Stereonet Review - Chord Company Signature RCA interconnect cable



Date: 2022-07-13


When some Naim Audio retailers visiting from the USA asked for a good quality DIN to RCA phono interconnect, the folks at Naim's Salisbury factory couldn't recommend one. This was back in 1984, so it was a little odd that Naim hadn't thought about this problem before – RCA was near-ubiquitous outside Europe, and most British manufacturers were moving away from the German DIN standard popularised by Philips in the early nineteen seventies.

To cut a long story short, Sally Gibb, then married to a Naim executive, suggested that she could make some – and thus was born The Chord Company, with the blessing of Naim. To this day, both companies are based around Salisbury, Wiltshire – just down the road from Stonehenge. Nearly four decades on, the Signature is one of the company's many cables and has multiple termination options – including the aforementioned DIN plugs for old-school Naim users. The Signature range was launched in 1998, the manufacturer describing it as “the first interconnect to use seriously effective shielding… the result of intensive research into high-frequency interference.”

What we now call RFI (Radio Frequency Interference) – or a cable's ability to reject it – is one of many reasons why well-designed cables sound better than poorly and/or cheaply designed ones. As well as carrying a low voltage, alternating current signal from the source to the amplifier, an interconnect must not pick up extraneous electrical noise along the way. To this end, the Signature uses the company's so-called Tuned ARAY conductor geometry – separately shielded conductors in PTFE insulation, dual-layer foil and high-density braid shielding effective to very high frequencies. In addition, Chord says that the outer jacket of each conductor is FEP, and these are held in the correct configuration with a black braided outer jacket.

Much has been done to shield RF noise out then, but the other important feature is the metallurgy. Silver-plated, oxygen-free copper conductors are used – a combination that, in my experience, works very well. Pure silver can sound a bit stark, even if it is super highly etched, whereas pure copper tends to sound duller, fuller and softer with less detail. I believe that silver-coated copper gives much of the best of both worlds at a price closer to copper.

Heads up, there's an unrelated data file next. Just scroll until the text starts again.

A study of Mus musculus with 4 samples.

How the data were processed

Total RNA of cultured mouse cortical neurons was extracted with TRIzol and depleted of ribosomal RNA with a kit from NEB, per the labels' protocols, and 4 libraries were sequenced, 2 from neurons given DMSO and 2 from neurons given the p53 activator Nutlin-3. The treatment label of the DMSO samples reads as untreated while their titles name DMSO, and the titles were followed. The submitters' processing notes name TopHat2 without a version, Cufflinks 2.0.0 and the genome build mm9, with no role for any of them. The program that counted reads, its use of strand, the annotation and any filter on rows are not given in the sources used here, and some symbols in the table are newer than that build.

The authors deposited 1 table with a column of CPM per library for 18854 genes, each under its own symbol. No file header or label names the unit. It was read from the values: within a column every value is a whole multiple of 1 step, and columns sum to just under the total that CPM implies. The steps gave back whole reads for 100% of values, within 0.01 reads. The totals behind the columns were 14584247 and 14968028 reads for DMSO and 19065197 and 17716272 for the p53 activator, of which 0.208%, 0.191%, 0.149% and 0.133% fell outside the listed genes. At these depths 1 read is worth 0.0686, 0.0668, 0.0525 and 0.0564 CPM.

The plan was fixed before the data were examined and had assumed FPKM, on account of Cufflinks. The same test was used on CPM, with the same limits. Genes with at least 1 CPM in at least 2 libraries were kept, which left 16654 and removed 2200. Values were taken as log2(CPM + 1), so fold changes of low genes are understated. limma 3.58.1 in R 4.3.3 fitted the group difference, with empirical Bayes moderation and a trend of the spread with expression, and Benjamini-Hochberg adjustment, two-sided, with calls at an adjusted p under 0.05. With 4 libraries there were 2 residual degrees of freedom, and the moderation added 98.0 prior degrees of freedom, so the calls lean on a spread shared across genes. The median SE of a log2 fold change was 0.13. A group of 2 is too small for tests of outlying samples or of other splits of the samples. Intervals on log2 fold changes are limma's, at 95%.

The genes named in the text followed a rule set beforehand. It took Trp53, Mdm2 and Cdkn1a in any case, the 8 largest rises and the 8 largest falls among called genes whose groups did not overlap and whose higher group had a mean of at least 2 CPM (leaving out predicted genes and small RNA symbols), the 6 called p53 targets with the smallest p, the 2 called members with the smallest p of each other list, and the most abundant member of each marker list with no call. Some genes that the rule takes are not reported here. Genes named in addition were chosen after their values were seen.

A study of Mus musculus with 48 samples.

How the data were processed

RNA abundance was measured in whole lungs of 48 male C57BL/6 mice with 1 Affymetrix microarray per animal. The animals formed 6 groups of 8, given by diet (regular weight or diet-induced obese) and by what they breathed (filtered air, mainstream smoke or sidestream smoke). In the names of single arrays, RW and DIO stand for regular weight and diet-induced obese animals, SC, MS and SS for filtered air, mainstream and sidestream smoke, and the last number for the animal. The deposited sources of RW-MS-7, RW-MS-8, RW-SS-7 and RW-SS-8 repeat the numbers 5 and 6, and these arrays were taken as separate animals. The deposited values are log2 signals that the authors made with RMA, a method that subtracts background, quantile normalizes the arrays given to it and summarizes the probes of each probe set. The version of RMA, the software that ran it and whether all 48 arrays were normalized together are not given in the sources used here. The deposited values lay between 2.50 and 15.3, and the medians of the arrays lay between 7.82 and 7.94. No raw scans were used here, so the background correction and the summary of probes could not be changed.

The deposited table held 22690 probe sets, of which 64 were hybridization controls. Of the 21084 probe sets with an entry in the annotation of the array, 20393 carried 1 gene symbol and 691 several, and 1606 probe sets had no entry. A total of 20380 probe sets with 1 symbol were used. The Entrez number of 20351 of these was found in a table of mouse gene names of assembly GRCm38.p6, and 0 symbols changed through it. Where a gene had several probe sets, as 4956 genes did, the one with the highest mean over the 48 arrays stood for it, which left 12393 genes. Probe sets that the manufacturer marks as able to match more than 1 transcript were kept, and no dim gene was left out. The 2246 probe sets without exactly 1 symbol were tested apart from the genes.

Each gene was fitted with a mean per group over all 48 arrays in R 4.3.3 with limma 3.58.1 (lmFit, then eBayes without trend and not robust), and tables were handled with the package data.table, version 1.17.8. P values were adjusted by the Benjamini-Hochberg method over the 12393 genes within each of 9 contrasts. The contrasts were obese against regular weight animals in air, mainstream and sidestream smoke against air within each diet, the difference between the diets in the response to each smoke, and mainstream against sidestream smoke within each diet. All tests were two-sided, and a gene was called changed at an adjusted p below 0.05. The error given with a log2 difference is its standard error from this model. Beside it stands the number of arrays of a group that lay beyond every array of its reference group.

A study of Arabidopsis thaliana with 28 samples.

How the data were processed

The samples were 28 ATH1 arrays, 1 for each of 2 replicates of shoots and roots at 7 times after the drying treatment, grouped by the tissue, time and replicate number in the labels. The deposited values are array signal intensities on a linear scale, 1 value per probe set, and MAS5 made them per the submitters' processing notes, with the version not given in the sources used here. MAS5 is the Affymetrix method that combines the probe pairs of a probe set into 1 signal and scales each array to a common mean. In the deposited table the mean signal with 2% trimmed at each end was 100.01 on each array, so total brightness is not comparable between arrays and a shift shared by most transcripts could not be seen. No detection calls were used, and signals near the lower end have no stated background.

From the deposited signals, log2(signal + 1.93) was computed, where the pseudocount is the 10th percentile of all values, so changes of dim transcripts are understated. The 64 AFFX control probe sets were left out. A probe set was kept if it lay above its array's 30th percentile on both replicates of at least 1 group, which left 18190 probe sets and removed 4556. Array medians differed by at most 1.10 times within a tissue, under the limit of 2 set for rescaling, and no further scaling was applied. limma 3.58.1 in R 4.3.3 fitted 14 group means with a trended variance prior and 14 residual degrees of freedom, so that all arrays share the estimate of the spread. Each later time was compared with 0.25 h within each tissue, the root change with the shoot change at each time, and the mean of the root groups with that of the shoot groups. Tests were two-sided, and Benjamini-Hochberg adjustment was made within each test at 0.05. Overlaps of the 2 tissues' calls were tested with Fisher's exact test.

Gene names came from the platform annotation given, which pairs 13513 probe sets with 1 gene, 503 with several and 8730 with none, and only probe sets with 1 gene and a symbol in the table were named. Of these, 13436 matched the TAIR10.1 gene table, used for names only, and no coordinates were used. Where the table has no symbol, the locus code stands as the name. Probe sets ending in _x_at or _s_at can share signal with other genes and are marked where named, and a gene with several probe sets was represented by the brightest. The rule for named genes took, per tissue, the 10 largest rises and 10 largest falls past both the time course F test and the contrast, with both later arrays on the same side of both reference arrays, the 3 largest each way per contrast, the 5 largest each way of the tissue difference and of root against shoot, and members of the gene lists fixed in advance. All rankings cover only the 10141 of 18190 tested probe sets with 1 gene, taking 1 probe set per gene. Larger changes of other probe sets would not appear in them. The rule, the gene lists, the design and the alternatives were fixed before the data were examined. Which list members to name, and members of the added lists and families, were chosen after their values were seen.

Although expensive, many cables at this price still employ copper conductors – making the Signature RCA good value for money for this reason alone. It's also nicely terminated, with quality plugs and PTFE plug surrounds for lower mechanical noise. The latter is also an important factor in cable sound. Overall it's a well turned-out product that feels robust and made with quality materials – one should expect nothing less at this price.

The Signature RCA has come a long way from Chord Company's first Chrysalis cable all those years ago. Its clean yet smooth sound performs the clever trick of sounding detailed yet not analytical. It gives an explicit and intricate rendition yet doesn't machine-gun detail at the listener. In absolute terms, it's ever so slightly soft around the edges yet never sounds bland. It has a capacious soundstage and handles dynamics in an effortless way, even if it's not the most 'seat-of-the-pants' listen. Its grown-up yet animated character makes it ideal for upper mid-price systems; it shows them off without getting too stark and revealing of their failings.

Tonally the Signature RCA is very well balanced, being just on the smooth side of neutral. Given the systems it's likely to find itself in, this should work well; it added the faintest whiff of warmth to my Chord Electronics Hugo TT2 DAC, driving my Sony (Esprit) TA-N86B power amplifier and Yamaha NS-1000M loudspeakers. Nothing sounded hard or grating, yet this interconnect did not make things boring. Quite the reverse; with I Hear You Now from Jon & Vangelis, it really got into the swing of things. I loved the rich timbre of the backing synthesisers and the delicacy given to Anderson's famously fragile vocals.

This was even more the case with the eighties indie strains of Everything But the Girl's Never Could Have Been Worse. It's a pretty grungy low rent recording, but Tracey Thorn's dulcet vocal tones shone through – giving a highly atmospheric, almost haunting portrayal. The overlaid guitar parts chimed out really clearly, pushing far stage left and right. At the same time, the drum work cut through powerfully, playing off the close-miked bass guitar. It was an excellent performance for an interconnect at this price.

This is a serious contender for being my favourite all-round audio cable in this part of the market. I actually tried it with a range of systems, and it seemed to bring the good out in all of them, never drawing attention to itself and having a fine time of things. Well worth an audition then if you're after near high-end performance at a mid-market price.